The Ultimate Chocolate Glossary: P




One of the four basic methods of obtaining a chocolate coating for a center (the others are dipping, enrobing, and molding. Often, nuts and crystallized ginger are panned. Panning is an art; some choolatiers have special machines for it where the chocolate is sprayed or tossed onto the centers in a rotating pan or drum; cool air is sometimes blown in to harden the chocolate at the end of the process. The chocolatier must have some knowledge and practice in how to coat something with chocolate evenly and so the chocolate shell is not too thick or thin. However, it’s also possible to do a low-tech version of panning on a small scale, in which centers are coated in a pan on the stove top. Panned centers can be rolled in cocoa powder or another coating before the chocolate hardens.


The smoothness of chocolate is measured in particle size. Since the adoption of conching by chocolate manufacturers, the ideal has been to have cacao bean and sugar particles broken down to a diameter so small that they’re undetectable on the human tongue. Particle sizes are measured in microns; a micron is one one-millionth of a meter. To give you an idea of relative size, a typical human hair is between 17 and 180 microns in diameter. The tongue is sensitive enough to be able to detect particles down to approximately 20 microns in size.

Chocolate is comprised of cocoa butter as well as ground particles of cacao bean, sugar, vanilla, etc. In most chocolates, the ingredients are so finely ground that the tongue cannot detect particles. Note that if particle size is too small, the chocolate will feel sticky in the mouth; if too large, the chocolate will seem grainy or sandy. Amano’s chocolate is smoother than most, as most particles in the chocolate average about 12 microns in size.


This term has evolved so that there are now at least two meanings. Originally, a pastille was an aromatic or medicated lozenge. In 1863, Gerardus Droste decided to start a confectionery business in The Netherlands; one of the products he offered was a small, flat round of chocolate, which he called a pastille. This is the meaning most American consumers know.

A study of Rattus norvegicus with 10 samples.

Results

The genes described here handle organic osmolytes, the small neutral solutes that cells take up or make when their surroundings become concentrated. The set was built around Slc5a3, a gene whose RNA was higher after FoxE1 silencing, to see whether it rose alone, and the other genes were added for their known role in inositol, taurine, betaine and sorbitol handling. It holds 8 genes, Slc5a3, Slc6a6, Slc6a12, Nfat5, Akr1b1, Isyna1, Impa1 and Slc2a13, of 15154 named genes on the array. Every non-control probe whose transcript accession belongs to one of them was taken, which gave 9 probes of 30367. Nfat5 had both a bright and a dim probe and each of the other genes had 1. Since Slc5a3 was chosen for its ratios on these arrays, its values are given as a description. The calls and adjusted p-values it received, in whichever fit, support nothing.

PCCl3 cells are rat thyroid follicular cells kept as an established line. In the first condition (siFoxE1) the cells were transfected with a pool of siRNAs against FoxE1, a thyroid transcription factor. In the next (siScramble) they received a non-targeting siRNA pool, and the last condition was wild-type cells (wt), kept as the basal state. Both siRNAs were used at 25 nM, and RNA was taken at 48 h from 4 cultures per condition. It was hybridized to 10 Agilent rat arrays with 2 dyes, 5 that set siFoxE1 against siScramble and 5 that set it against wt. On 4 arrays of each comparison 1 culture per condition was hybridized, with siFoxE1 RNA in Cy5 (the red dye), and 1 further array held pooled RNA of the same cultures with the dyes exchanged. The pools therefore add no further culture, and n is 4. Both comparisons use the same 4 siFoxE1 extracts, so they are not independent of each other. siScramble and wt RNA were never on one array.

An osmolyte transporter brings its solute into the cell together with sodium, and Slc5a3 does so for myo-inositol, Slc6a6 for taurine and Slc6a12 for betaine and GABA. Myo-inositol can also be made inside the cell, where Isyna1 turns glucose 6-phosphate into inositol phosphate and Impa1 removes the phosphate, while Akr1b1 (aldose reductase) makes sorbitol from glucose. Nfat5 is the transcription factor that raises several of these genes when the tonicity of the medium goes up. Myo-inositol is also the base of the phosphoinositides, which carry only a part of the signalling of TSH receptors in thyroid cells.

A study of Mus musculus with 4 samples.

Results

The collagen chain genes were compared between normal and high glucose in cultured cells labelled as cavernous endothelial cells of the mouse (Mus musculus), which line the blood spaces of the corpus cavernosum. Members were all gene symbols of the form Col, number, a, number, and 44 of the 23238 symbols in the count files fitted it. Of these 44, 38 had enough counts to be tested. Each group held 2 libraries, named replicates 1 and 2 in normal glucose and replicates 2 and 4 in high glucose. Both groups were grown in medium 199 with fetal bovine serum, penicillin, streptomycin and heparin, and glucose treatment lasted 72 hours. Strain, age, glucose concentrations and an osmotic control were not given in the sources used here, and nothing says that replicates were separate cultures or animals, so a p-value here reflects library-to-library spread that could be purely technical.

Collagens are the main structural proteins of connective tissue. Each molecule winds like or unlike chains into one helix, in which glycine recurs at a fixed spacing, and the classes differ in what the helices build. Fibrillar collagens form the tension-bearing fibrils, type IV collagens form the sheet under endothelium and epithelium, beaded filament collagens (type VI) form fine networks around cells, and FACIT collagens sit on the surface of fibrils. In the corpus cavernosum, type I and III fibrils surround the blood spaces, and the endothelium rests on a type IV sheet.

See Thick.


A synonym for chocolate liquor.


Chewy confections, usually square or rectangular in shape. Pâtes de fruit are made by boiling down fruit and sugar (often with the addition of apple pectin) until an almost jam-like consistency is reached. The highly concentrated mixture is then poured into pans, cooled, cut into small shapes, and rolled in sugar. Typically, a a sugar with large crystals that do not melt (such as sanding sugar) is used as a coating.


The French term for pastry. The word can also refer to a shop that sells pastry, or the practice of pastry-making.

This glossary would not have been possible without the kind assistance of my good friend Karen Hochman who runs the website: The Nibble. Karen gave us permission to base our chocolate glossary on hers. TheNibble is one of the Internet’s best resources for food articles, reviews, history, and just about anything when it comes to quality food. Please, if you have a few moments, visit my friend Karen’s website and you’ll be amazed at what a valuable resource it is. Thanks for all your help Karen!